Sunday, November 05, 2006

Employment and recessions

Listening to the news this morning, I heard several commentators note that things were bad for the Republicans, despite the economy being in good shape and unemployment very low. I won't repeat here all the evidence that the economy is not in great shape for middle- and lower-income Americans--that's it's being buoyed by record levels of debt, a frothy housing market, and Gilded Age tax policies for the wealthy. (Though if you'd like to read some of that, you might start here or here.) But I did want to highlight a chart from a recent post at Calculated Risk and its demonstration that low unemployment figures usually precede recessions:

They're not predictive indicators, as the post makes clear, merely coincident. But it's a striking chart, nonetheless, and certainly puts all the shouting about low unemployment in a different light.

In fact, as economists and Wall Street types have historically been very bad at predicting recessions, it is possible that we are in a recession already. Last quarter's GDP growth officially was an anemic 1.6%, but probably closer to 0%. If Q4 is as poor, and Q3 revised downward--ta-da! A recession.

Update: Finally found a couple things I wanted to include in the post earlier. First is a link to September 8, 2006 post by Nouriel Roubini, in which he notes that "in March 2001 in a survey 95% of US economic forecasters predicted that there would not be a recession in 2001; 95% of them! Too bad that the recession had already started exactly in March of that year!" Second is an April, 2000 paper (PDF) by Prakash Loungani of the IMF, which Dr. Roubini cites, that looked at economists' predictions of GDP growth from 1989 to 1998. It concludes that "the record of failure to predict recessions is virtually unblemished."


Rob said...

As the old story goes, John tells Joe: "the economy has created a lot of new jobs." And Joe responds, "Yeah, I got four of them."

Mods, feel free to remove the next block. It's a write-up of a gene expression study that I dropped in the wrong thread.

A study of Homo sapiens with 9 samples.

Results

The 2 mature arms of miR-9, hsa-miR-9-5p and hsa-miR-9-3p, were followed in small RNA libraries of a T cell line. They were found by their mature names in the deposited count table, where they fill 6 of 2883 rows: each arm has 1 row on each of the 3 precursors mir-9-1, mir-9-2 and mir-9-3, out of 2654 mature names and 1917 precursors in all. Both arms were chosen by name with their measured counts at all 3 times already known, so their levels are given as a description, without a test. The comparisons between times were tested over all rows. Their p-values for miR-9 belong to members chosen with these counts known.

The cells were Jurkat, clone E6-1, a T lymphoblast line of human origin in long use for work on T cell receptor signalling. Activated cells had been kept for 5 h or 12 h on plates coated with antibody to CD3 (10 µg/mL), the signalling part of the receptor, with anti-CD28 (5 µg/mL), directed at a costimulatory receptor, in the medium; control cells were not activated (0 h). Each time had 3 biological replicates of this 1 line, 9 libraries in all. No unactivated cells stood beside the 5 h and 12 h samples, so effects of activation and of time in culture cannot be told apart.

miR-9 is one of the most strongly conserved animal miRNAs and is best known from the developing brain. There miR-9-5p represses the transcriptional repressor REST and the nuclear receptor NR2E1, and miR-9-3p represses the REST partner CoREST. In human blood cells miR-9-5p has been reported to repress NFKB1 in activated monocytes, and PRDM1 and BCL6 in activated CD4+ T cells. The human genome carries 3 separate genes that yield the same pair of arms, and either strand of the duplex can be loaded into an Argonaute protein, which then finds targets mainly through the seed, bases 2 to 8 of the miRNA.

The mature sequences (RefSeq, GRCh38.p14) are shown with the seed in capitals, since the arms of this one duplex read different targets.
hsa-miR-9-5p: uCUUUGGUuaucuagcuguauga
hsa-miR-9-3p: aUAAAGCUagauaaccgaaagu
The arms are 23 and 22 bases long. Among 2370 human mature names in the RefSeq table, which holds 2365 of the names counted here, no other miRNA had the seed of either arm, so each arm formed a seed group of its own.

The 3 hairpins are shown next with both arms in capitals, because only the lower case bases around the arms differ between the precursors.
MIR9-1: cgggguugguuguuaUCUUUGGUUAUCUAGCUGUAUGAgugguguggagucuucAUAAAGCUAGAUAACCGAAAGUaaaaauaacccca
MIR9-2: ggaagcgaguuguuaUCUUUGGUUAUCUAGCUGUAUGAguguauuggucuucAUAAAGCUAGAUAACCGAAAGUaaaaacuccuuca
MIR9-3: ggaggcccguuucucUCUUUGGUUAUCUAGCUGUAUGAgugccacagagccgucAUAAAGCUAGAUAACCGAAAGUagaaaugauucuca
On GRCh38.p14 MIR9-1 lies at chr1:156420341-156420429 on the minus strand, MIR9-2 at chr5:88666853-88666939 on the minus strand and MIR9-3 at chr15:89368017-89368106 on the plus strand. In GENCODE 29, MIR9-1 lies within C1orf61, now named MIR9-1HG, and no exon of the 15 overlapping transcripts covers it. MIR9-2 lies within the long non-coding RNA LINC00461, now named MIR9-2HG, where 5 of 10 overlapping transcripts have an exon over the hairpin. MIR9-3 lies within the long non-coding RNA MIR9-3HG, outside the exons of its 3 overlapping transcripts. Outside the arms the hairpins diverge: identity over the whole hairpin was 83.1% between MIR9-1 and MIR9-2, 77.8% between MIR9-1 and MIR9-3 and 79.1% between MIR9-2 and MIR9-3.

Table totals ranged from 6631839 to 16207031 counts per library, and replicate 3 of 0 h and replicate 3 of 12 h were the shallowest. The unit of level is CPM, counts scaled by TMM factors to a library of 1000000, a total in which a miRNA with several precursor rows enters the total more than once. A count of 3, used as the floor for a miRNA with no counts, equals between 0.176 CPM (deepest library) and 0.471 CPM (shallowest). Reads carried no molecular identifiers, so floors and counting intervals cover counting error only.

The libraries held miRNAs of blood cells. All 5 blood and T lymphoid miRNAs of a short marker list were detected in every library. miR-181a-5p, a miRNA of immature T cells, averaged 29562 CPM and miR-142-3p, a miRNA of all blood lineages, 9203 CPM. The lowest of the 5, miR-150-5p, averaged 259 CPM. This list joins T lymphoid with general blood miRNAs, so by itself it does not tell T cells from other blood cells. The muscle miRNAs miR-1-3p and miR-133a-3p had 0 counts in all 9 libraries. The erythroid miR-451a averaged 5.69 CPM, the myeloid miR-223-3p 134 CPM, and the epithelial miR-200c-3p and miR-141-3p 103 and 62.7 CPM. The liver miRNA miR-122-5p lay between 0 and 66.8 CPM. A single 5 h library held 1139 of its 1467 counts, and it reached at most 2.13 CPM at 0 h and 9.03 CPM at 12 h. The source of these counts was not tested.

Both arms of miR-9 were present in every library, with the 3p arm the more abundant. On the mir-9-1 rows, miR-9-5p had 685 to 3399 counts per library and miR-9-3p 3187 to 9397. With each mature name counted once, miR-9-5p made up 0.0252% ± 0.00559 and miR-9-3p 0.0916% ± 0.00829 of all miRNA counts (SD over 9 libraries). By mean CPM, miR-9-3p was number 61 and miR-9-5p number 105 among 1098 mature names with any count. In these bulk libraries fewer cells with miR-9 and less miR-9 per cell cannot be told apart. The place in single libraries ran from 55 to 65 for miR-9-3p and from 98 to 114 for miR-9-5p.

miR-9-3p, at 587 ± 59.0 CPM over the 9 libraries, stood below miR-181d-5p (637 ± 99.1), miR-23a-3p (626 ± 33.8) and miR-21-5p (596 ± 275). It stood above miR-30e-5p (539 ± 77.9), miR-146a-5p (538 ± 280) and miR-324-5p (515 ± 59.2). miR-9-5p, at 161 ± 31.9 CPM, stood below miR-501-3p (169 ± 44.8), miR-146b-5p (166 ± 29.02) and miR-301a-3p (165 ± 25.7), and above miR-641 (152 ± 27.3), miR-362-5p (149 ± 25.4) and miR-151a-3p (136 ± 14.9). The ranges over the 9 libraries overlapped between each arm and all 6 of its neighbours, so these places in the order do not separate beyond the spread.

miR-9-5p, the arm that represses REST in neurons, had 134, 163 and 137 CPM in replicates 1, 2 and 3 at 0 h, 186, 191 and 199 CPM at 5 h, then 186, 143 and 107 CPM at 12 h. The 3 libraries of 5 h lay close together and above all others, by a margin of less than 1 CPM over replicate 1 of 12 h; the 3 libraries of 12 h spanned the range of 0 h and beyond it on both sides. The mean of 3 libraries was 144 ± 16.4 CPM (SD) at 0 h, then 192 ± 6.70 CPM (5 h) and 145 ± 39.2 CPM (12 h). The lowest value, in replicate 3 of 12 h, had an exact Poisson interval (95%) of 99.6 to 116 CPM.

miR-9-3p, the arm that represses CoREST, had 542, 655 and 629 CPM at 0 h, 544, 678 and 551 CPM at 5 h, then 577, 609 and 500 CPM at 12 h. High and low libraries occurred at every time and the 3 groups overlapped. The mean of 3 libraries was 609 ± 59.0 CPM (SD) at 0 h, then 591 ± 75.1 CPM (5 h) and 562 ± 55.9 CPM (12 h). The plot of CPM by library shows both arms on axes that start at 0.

The figures conservative commentators cite have no bearing on people's lives. Hyper inflation in healthcare is eroding the power of everyone's paycheck. Wage stagnation continues to linger. Individuals are absorbing more risk and receiving less benefits. The super rich are getting richer. It's time for a change.

christian_left said...

Interesting chart. It looks as though unemployment falls pretty slowly but steadily most of the time, except when a recession hits, when it spikes upwards. So the trick is to figure out when the next recession spike is going to hit. I'm guessing it will be closely related to, or maybe even triggered by, a rise in oil prices.

Ambivalent_Maybe said...

Nouriel Roubini forecast some months ago a severe recession starting in the first quarter of 2007. So far it looks like we're right on track.

My guess is that it won't be caused by oil prices, though. Those prices have already been way high without triggering a recession. The continuing deflation of the housing market is one thing to watch, but because most of the usual economic indicators--like the stock market and corporate profits--reflect a lot of pure speculation and financial manipulations not closely tied to production or payrolls, the real crash will come only when Wall Street and the media that covers it begins to wake up to reality. Then the bears will be running, and the press filled with stories about how bad the economy is. Most regular folks, of course, will have known that for some time.